April 30, 2013

Let Your Food Be Your Medicine: Flax Seeds

I care what I slather all over my face and body. However, the food I choose to nourish myself with is just as important to me.

The more I read, the more I am shocked at how powerful foods are. Curious about balancing your hormones, reducing asthma or eliminating migraines? Then you will be interested in the nutritional profile of flax seeds. 

Fight Acne

Flax seeds are amazing for your skin. Consuming them can clear up acne. This is because the omega-3 fatty acids found in flax seeds can reduce inflammation in your body and your skin and acne is a kind of inflammation. Flax seeds also contain a very high level of lignans. In fact, among commonly eaten foods, flax seeds are the #1 source of lignans. Sesame seeds are next on that list, and flax seeds contain seven times more. So what are lignans? They reduce the production of androgens, a hormone that when overproduced, can cause acne. The essential fatty acids present in flax seeds make the cell membranes of your skin stronger, which improves the hydration of your skin. This makes skin more resilient to hormonal fluctuations.

Balance Hormones

The impact of lignans goes beyond breakouts. The lignans in flax seeds are a kind of phytochemical that can balance the ratio of progesterone to estrogen. For women whose hormones are out of whack, this can mean regular periods and the elimination of cramps, PMS, endometriosis, fibroids and cysts. In one study, it was found that flax seeds decreased anovulatory cycles, improving fertility [1].


Once consumed, the body converts omega-3 fatty acids into prostaglandins. Prostaglandins act as anti-inflammatories in the body, essentially natural pain killers. This means flax seeds can help improve symptoms of inflammatory conditions like asthma, osteoarthritis, rheumatoid arthritis, migraines and osteoporosis. My friend Stephanie over at Bubble and Bee hasn't needed to use her inhaler since she started eating flax seeds regularly.

Cardiovascular Health

The body uses omega-3 fats to produce substances that reduce the formation of blood clots. In many instances, blood clots are the cause of heart attacks and strokes. This means that consuming flax seeds can help prevent the cause of fatal cardiovascular events.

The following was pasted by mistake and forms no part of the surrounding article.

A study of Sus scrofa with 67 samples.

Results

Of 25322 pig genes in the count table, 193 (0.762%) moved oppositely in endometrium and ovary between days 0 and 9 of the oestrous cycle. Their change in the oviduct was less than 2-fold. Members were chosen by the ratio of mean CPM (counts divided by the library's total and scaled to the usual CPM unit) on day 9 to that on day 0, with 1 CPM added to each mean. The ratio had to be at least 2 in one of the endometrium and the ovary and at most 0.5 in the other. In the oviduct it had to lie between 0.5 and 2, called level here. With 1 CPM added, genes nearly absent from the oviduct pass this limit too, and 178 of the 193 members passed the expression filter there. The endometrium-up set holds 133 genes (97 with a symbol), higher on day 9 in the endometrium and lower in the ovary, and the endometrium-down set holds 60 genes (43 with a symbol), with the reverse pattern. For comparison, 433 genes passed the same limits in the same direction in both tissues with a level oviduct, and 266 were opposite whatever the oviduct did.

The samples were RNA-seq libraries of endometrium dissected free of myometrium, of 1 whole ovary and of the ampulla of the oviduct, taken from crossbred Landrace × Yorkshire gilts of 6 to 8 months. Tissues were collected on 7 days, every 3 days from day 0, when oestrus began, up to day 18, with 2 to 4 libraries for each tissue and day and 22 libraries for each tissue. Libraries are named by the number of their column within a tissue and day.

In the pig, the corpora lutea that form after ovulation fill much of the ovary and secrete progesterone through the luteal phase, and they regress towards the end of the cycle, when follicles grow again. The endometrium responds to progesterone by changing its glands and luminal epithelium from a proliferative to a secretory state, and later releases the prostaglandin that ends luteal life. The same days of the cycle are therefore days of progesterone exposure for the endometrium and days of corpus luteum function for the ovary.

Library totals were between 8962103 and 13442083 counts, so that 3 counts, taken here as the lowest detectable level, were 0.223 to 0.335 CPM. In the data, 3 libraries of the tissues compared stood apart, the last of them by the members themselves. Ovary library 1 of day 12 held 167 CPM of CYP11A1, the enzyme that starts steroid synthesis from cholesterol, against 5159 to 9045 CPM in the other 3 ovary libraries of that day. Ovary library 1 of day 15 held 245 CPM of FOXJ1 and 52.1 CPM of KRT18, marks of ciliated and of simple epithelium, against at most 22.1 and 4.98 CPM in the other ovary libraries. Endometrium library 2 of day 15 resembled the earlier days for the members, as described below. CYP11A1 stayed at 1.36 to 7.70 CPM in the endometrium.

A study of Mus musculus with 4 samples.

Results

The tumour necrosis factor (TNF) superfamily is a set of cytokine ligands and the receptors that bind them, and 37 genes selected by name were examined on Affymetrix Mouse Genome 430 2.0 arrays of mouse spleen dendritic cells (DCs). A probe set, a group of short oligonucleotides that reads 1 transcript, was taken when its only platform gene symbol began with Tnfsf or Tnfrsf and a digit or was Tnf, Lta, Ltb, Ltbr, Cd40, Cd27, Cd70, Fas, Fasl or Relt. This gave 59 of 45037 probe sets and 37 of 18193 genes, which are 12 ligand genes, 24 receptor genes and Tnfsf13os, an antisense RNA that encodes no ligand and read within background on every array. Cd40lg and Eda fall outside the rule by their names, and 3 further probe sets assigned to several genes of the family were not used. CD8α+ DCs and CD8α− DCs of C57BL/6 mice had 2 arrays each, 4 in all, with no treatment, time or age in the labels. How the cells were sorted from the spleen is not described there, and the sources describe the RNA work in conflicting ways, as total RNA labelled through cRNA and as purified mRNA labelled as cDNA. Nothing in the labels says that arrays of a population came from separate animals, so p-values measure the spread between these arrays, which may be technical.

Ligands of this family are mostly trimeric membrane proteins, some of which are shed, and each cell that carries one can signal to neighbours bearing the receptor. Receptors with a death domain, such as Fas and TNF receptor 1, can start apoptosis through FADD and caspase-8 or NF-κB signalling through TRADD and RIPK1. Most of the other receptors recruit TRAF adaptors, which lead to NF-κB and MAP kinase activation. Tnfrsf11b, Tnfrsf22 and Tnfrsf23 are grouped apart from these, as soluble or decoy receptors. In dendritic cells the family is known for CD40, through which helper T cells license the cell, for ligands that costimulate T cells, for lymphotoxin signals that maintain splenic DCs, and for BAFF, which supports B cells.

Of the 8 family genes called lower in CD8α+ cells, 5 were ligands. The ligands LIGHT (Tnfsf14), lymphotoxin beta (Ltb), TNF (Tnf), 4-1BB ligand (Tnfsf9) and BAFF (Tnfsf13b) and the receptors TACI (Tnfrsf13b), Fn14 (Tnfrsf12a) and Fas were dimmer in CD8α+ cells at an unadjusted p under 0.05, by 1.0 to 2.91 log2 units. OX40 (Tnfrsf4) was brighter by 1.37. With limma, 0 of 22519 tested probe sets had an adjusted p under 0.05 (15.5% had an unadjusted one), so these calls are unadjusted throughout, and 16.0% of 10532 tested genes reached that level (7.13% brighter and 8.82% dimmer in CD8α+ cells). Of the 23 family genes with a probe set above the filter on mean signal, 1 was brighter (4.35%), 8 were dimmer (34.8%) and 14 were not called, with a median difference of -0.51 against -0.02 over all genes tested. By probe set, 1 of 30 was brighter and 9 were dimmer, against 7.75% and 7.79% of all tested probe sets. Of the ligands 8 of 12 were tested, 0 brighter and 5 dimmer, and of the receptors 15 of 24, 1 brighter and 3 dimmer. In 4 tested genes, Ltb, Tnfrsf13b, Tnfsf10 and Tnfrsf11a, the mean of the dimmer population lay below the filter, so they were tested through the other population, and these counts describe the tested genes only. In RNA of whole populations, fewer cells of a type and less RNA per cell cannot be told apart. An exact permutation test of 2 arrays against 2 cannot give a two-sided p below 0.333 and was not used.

Lower Cholesterol

In one study, it was found that eating 20 grams of flax seeds daily reduced cholesterol as effectively as statin drugs [2]. I always knew pharmaceuticals had nothing on real food.

How to Eat Flax Seeds

So what's the best way to get all these benefits? The body can best absorb the nutrients in flax seeds if they are partially ground. Buy whole flax seeds and grind them yourself in a high powered blender or food processor. Or you can purchase preground flax seed meal. Make sure to store bulk in the freezer so it keeps for several months. Smell them before you buy and eat them. If you catch a whiff of fish, they've gone rancid, and all those valuable omega-3's are no longer useful to your body.

Flax seeds can be added to nearly anything without altering the flavor profile much. Try replacing some flour in your baked goods with flax meal. Throw some in your morning oatmeal or granola; you won't even notice a difference. Or you can add them as a boost to your green smoothie. I like to take a slice of celery, spread a little peanut butter on it, and roll it in the flax seeds. It's like ants on a log! I recommend 2 tablespoons daily.


I learned all about flax seeds from Stephanie Greenwood, the brains behind Bubble and Bee! Read her original article.

1. Good Chi

I am not a certified nutritionist or doctor of medicine. I was not compensated monetarily or otherwise for this post.